To Isabella and Ferdinand, one of the most renowned royal couples in history, their primary achievement was not funding conquistadors to expand their empire overseas or uniting disparate kingdoms into what eventually became modern Spain. The couple believed their most important legacy was ridding Spain of the Muslims.
When Isabella, the daughter of King John II of Castile, and Ferdinand, the son of King John I of Aragon, were married in October 1469, Muslims had ruled large parts of the Iberian Peninsula for more than 700 years. Propelled by their Christian faith to pursue an expensive, bloody, 10-year battle to unite their land under Christian leadership, the couple finally conquered the last Muslim stronghold in January 1492.
With peace assured at home, Ferdinand and Isabella quickly agreed to sponsor an expedition across the Atlantic Ocean to be led by a sea captain named Christopher Columbus. This voyage of discovery was not first time Isabella showed an interest in strengthening Spain's commercial prospects overseas. Fifteen years earlier, she made her initial attempt to challenge Portugal's dominance at sea by claiming Spain's first overseas territories, the three largest Canary Islands. She sent several expeditions to conquer the indigenous Canarians, who managed to hold out until 1496. Although she forbade the vanquished people to be sold as slaves, her orders were ignored, foreshadowing later events in the New World.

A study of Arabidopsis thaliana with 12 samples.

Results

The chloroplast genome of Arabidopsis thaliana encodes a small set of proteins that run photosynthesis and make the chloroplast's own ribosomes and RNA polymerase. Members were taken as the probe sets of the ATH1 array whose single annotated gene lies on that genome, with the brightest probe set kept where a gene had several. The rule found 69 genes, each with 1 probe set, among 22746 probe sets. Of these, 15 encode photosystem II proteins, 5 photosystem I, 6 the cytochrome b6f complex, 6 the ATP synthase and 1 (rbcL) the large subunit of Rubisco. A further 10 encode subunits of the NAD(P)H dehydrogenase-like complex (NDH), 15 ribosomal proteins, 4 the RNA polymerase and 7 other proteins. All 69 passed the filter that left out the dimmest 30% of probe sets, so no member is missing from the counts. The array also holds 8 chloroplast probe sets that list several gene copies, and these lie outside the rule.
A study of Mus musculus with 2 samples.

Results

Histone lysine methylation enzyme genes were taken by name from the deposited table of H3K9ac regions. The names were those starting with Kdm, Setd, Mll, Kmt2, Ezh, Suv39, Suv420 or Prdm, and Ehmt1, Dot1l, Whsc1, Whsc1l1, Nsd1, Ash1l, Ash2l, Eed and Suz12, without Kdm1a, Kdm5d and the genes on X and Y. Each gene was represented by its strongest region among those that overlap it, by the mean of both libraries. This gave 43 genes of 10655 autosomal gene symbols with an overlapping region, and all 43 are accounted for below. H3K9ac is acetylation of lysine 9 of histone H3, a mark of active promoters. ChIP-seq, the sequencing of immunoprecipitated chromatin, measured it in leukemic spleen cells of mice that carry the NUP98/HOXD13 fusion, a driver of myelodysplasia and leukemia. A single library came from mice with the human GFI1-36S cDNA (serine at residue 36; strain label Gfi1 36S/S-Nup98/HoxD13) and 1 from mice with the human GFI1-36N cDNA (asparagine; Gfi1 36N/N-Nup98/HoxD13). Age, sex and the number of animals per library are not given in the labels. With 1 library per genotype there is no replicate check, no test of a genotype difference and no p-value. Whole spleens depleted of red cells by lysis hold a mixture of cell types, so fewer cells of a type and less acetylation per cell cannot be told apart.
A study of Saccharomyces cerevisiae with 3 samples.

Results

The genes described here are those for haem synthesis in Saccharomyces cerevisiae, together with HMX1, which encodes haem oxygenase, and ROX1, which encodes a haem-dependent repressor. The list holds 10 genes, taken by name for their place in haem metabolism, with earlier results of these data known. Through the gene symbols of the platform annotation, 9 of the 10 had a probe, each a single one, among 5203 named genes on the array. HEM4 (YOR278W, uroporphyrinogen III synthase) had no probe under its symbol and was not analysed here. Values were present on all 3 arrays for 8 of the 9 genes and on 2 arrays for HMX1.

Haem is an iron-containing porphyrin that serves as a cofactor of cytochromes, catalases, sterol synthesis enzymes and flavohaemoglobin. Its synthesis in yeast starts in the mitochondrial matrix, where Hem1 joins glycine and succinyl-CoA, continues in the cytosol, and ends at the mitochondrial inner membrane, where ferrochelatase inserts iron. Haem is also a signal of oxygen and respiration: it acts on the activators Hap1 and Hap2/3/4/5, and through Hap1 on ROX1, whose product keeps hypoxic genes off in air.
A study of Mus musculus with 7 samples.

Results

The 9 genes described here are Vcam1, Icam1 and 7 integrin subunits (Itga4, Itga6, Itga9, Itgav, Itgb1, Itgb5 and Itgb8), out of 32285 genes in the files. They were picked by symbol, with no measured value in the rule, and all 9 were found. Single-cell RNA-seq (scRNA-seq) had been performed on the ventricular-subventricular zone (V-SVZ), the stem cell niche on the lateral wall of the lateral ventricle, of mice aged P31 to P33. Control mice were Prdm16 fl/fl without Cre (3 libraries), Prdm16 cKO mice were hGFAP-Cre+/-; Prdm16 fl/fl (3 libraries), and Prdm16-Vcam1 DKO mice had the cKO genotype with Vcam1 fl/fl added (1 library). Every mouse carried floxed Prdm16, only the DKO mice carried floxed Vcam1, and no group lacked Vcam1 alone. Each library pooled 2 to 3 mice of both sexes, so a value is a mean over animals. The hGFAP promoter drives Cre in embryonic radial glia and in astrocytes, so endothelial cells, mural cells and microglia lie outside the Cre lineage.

When Columbus returned to Spain in 1493 after visiting several islands in the Caribbean, the Spanish age of discovery in the Americas was underway. Between 1500 and 1502 alone, the Crown authorized twelve new expeditions to the region including Columbus' fourth and final voyage.
In Europe, to bolster their forces against their primary enemy, France, Ferdinand and Isabella signed treaties with England, Holy Roman Emperor Maximilian I, and the Hapsburg family. They set the course for Spain's great rise in the coming decades by marrying two of their four children off to the Hapsburgs, who ruled much of central Europe. Their daughter, Catherine of Aragon, became the first wife of England's future king, Henry VIII.
Isabella died in 1504, and the following year Ferdinand remarried. He had spent much of the previous decade fighting the French in Italy, where he showed great diplomatic prowess by founding the Holy League, an alliance of Italian states that included the pope. The League repeatedly drove the French out of Italy, allowing Spain to maintain control of Naples and Sicily. In his final conquest, Ferdinand invaded Navarre, in the northeast region of the Iberian Peninsula, and brought it under his rule.
For three decades, Isabella and Ferdinand ruled most of the land that makes up modern day Spain, uniting the kingdoms of Castile and Aragon through their marriage and expanding their territory into previously unknown continents. Although they did not completely unify Spain, by the time of their deaths the country was on its way to becoming the most powerful in Europe.